Harper’s Ferry National Historic Park… a place where George Washington envisioned military strength, abolitionist John Brown struck a blow against slavery, factories from the early 1800s witnessed innovations that fueled the Industrial Revolution and where two rivers and three states meet. It’s also a pet-friendly National Park in a charming town flush with sights to see, and of course, historical facts to learn.
Charles and I visited Harper’s Ferry two weekends ago during a road trip that also included a stop at Shenandoah National Park. We had our pups in tow, and were impressed with how pet-friendly the park was.
While the park lies in three states; West Virginia, Virginia and Maryland, the main entrance is in West Virginia. It’s also almost smack-dab in the middle of the Appalachian Trail.
An easy drive from Virginia’s Shenandoah Valley, we spent half a day exploring the park. Here are 10 reasons to visit Harper’s Ferry National Historic Park:
1.) View the Convergance of the Potomac & Shenandoah Rivers
The raging Potomac and Shenandoah Rivers, uniting in perfect harmony. Well, maybe not… the river is still pretty gnarly, even after the two merge into one. But to see the rushing waters that cut through the Blue Ridge Mountains so many years ago is pretty cool.
2.) Stroll Historic High Street
Darling AND incredibly historic, High Street is lined with Victorian and Federalist-style houses, built on the high ground in the late 19th century, that played host to guests including Mark Twain, Alexander Graham Bell and Woodrow Wilson. (Seriously!)
Today, it’s lined with shops, restaurants, B&Bs and even the John Brown Wax Museum, where the story of John Brown & the Harpers Ferry raid comes to life via wax displays.
3.) Walk the Footbridge Over the Potomac River
A cantilevered section of the bridge allows for guests to cross over the Potomac River, a must-do during a visit to Harper’s Ferry. Hold on to your hats, though, it can be very windy! (If you’re lucky, you may even see a bird’s nest!)
4.) Climb the Stone Steps the Jefferson Rock
Climb many stone steps, past St. Peter’s Catholic Church and the ruins of St. John’s Episcopal Church to Jefferson Rock. A fabulous look-out over the town, in 1783 Thomas Jefferson exclaimed “this scene is worth a voyage across the Atlantic.” And over 200 years later, the sight is still a beauty!
5.) Take in the Ruins of St. John’s Episcopal Church
Built in 1852, the church served as a hospital and barracks during the Civil War, during which it suffered considerable damage. St. John’s Episcopal was rebuilt but was basically abandoned in 1895 when a new Episcopal church was built further up in town.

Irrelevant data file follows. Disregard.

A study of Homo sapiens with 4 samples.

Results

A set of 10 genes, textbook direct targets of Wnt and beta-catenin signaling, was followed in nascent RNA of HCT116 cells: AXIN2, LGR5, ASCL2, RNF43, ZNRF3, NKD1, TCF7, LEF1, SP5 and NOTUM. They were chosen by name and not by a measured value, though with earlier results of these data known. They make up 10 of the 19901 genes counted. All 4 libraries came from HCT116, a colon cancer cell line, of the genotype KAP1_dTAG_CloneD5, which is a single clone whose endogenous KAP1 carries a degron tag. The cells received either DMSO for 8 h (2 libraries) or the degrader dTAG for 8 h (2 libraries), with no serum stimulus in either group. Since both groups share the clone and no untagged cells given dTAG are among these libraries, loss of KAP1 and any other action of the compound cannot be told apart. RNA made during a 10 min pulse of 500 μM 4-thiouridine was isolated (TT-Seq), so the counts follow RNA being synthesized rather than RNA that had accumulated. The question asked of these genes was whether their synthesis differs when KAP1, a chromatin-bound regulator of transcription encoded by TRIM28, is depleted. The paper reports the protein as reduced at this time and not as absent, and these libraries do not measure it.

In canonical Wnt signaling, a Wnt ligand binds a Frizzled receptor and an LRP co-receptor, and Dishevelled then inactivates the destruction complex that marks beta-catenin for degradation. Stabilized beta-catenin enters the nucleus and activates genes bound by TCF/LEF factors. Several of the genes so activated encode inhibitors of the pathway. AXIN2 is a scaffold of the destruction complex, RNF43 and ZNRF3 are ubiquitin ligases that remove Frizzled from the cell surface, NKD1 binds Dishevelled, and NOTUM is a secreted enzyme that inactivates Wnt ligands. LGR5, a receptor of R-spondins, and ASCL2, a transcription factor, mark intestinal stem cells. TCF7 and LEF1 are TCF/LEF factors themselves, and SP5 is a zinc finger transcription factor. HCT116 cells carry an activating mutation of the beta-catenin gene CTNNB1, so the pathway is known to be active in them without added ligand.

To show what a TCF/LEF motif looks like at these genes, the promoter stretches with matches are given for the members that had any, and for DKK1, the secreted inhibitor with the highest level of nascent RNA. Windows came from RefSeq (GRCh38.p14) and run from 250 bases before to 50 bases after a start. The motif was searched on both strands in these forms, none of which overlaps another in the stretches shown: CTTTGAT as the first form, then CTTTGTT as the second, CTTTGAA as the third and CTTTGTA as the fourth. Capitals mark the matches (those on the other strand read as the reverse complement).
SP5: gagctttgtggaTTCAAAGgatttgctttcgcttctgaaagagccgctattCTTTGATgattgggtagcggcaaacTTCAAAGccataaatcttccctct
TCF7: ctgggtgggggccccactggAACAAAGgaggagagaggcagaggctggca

Today, the National Park Service preserves the ruins and manages the trails around the site so that visitors may still enjoy the fragile ruins.
6.) Admire St. Peter’s Catholic Church
The only church in Harper’s Ferry to escape destruction during the Civil War, St. Peter’s Catholic Church stands tall among the area’s landscape. A Neo-Gothic beauty, it still offers Mass every Sunday at 11AM and I can imagine the views from the church are pretty spectacular!
7.) View John Brown’s Fort & the John Brown Memorial
Down the hill to the left of Charles in the photo above is a building now known as John Brown’s Fort, the building in which abolitionist John Brown and several of his followers barricaded themselves during the final hours of their ill-fated raid against slavery in mid-October, 1859.
On the morning of October 18, a storming party of 12 Marines broke down the door of the building, taking Brown and the remaining raiders captive. Brown was charged for “conspiring with slaves to commit treason and murder” and was tried, convicted, and hanged on December 2, 1859.
The memorial and the building are poignant reminders of our country’s history with slavery.
8.) Peruse the Harper’s Ferry General Store
Stop by the store for a glimpse into life on the Appalachian Trail. A resupply store as well as a tourist destination, you’ll find hiking-related necessities along with touristy items and even bike rentals!
9.) Peek Into the Springhouse & Root Cellars
As the sign says, “These small caves carved into the shale cliffside at one time served as springhouses and root cellars for residents of this block. The cooler subsurface temperatures of a root cellar helped preserve herbs, vegetables, and fruits in the days before modern refrigeration.”
Imagine having to venture out in the middle of winter to retrieve your sweet potatoes… sure makes me thankful for modern amenities! It was an interesting sight to see!
10.) Dine at Cannonball Deli
We wanted to hit the road so we opted to order sandwiches to-go, and our wraps from Cannonball Deli could not have been more delicious. I had the Falafel Wrap (pictured) and Charles ordered the Buffalo Chicken wrap – both of us enjoyed! They did have a lovely outdoor seating area that was dog-friendly, where we would have dined had we had more time.
Have you visited Harper’s Ferry National Historic Park? If so, I’d love to hear what you thought of it!
For more information about Harper’s Ferry and other pet-friendly National Parks, visit the National Park Service’s website for the park, here.
Read more about taking your pets to Harper’s Ferry, here.